Anglers with their fish house on Foot Lake seem unconcerned Thursday about the possibility of thin ice as they fish. Tribune photo by Ron Adams

WILLMAR -- Bystanders rescued a 66-year-old ice fisherman when his three-wheel vehicle went through the ice at 2:53 p.m. Thursday on Lake Wakanda, the Kandiyohi County Sheriff's Office reported.

The man had temporarily been trapped under the ice by the three-wheeler, but several bystanders at the scene assisted in rescuing the man by pulling him from the water and on to the ice.

The latest incident is among a growing number of close calls involving ATVs on area lakes as ice conditions deteriorate in the region.

At least two ice fishermen have had close calls on Kandiyohi County lakes in the two previous days when the all-terrain vehicles they were driving went into the water.

And, an ATV and its driver crashed into the waters of Lac qui Parle Lake last weekend. Ice conditions there have deteriorated since, and there are pockets of open water. Chippewa County and Lac qui Parle County sheriff's officers posted signs at public accesses on the lake on Thursday advising that ice conditions were hazardous.

"It's the most hazardous ice conditions I've seen out there,'' said Minnesota Conservation Officer Ed Picht of Montevideo.

There have been reports too of unoccupied ice fishing houses breaking through the ice. In recent days there have been ice fishing houses breaking through the ice on Calhoun, Wakanda and Foot lakes in Kandiyohi County.

There were three ice fishing houses bobbing in the waters of Lac qui Parle Lake this week. Strong winds earlier this week had blown two of the houses across expanses of clear ice and into open water. In the third case, a house warmed by the sun and mild temperatures suddenly plunged through.

In last weekend's incident on Lac qui Parle Lake, the driver was riding on eight inches of ice when he spotted a crack in the ice about 20 feet ahead and attempted to turn. He was suddenly on ice only 1 inch thick, crashed through and bumped his head hard. He was able to kick with his legs and get back onto ice and to safety, reported Picht.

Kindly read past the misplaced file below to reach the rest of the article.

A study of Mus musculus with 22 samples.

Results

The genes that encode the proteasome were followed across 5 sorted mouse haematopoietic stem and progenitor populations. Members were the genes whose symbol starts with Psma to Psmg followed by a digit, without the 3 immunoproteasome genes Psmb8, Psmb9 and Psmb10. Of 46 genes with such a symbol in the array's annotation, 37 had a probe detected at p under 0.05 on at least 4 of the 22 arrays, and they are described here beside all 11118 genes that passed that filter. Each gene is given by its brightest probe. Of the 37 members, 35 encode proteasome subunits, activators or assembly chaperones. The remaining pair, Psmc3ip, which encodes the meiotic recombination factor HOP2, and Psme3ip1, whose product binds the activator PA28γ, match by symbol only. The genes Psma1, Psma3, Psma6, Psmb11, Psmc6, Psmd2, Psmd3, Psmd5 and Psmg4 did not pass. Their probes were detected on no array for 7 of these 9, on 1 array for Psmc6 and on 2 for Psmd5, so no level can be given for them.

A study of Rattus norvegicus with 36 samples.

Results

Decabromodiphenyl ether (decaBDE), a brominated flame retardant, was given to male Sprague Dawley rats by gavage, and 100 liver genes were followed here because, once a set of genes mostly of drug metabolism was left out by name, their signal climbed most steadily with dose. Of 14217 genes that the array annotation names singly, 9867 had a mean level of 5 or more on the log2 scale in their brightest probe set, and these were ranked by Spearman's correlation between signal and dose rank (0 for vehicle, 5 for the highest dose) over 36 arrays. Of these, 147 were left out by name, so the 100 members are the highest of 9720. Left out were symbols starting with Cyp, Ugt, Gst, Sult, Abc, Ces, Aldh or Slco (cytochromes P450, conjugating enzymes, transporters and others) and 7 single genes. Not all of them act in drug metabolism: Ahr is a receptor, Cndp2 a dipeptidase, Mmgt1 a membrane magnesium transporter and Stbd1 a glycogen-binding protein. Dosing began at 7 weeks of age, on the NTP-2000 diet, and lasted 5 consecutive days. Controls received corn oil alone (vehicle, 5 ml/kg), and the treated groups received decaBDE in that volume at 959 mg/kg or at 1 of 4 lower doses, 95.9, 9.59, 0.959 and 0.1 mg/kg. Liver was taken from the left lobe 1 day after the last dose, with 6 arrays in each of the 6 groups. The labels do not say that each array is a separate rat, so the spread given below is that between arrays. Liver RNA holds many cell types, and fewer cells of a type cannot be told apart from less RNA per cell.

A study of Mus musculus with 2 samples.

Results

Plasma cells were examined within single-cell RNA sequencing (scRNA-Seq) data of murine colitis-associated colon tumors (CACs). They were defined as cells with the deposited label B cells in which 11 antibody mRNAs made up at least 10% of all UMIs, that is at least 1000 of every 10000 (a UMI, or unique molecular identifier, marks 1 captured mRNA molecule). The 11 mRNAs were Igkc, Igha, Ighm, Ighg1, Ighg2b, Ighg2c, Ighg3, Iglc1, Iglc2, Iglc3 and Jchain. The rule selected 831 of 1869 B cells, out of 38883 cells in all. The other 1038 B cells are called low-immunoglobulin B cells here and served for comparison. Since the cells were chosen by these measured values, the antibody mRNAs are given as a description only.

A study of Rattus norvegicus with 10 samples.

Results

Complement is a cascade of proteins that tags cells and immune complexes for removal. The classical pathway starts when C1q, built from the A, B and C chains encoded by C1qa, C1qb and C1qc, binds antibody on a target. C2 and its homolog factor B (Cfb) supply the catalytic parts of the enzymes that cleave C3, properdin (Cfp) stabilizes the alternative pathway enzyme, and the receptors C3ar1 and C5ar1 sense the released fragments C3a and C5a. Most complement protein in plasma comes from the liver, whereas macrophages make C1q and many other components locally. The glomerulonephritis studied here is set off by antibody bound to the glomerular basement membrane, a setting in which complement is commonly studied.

Kandiyohi County anglers on ATVs have broken through ice on both Green and Norway lakes in addition to the most recent incident on Wakanda. The Green Lake incident occurred around 7 p.m. Wednesday. An ice fisherman on an ATV went into the water near the public access by Saulsbury Beach in Spicer. A lake resident heard the man's call for help and called 911. The driver was able to escape from the water on his own and walk to a nearby home for help.

An ATV and its driver slipped into Norway Lake at about 6 p.m. Tuesday, and its driver also was able to escape on his own. Fisherman Josh Fredeen of Willmar said he was also able to contact authorities shortly after his mishap and report that he was all right.

Minnesota Conservation Officer Jeff Denz, Willmar, said that Fredeen did exactly what anyone who escapes safely from a mishap on the ice should do. It's important to let the sheriff's office know that you are all right so that others aren't put at risk attempting to perform an unnecessary rescue.

Fredeen said the huge pressure ridge on the lake forced him to take a detour route from his fishing location back to the public access. In the dark, he left the path of other ATVs going around the ridge by about 10 feet and went down and into the water.

"It was a cold swim,'' said Fredeen, who managed to climb up the bank and to safety. By the time had had walked to shore, the insulated bibs he was wearing had frozen solid. His cell phone was in an inside pocket and working, and his vehicle keys were in another pocket. Fredeen said he called home first and then notified the sheriff's office so that no one would make a needless rescue attempt.

The local conservation officers urge everyone to be extremely cautious on the ice, and to contact authorities as soon as practical when an accident occurs. No one is ticketed for having the misfortune of having their fish house, ATV or vehicle fall through the ice. Owners are responsible for removing the property from the water, and a call to the sheriff's office can help in this regard too. They can refer you to professionals to assist.

The officers also urge all ice fishermen to carry safety ice picks. The inexpensive or easily-made devices can be life savers in helping grip the ice and getting out of the water. It is also advisable to wear a personal flotation device, particularly when on an ATV and there is the risk of injury.

Denz said it's really become a perfect storm. Record warm temperatures have made the ice as dangerous as anyone has seen for this time of year. Yet the warm temperatures also make it inviting to be out on the ice, and the fish bite has been phenomenal too.

Tom Cherveny

Tom Cherveny is a regional and outdoor reporter with the West Central Tribune in Willmar, MN.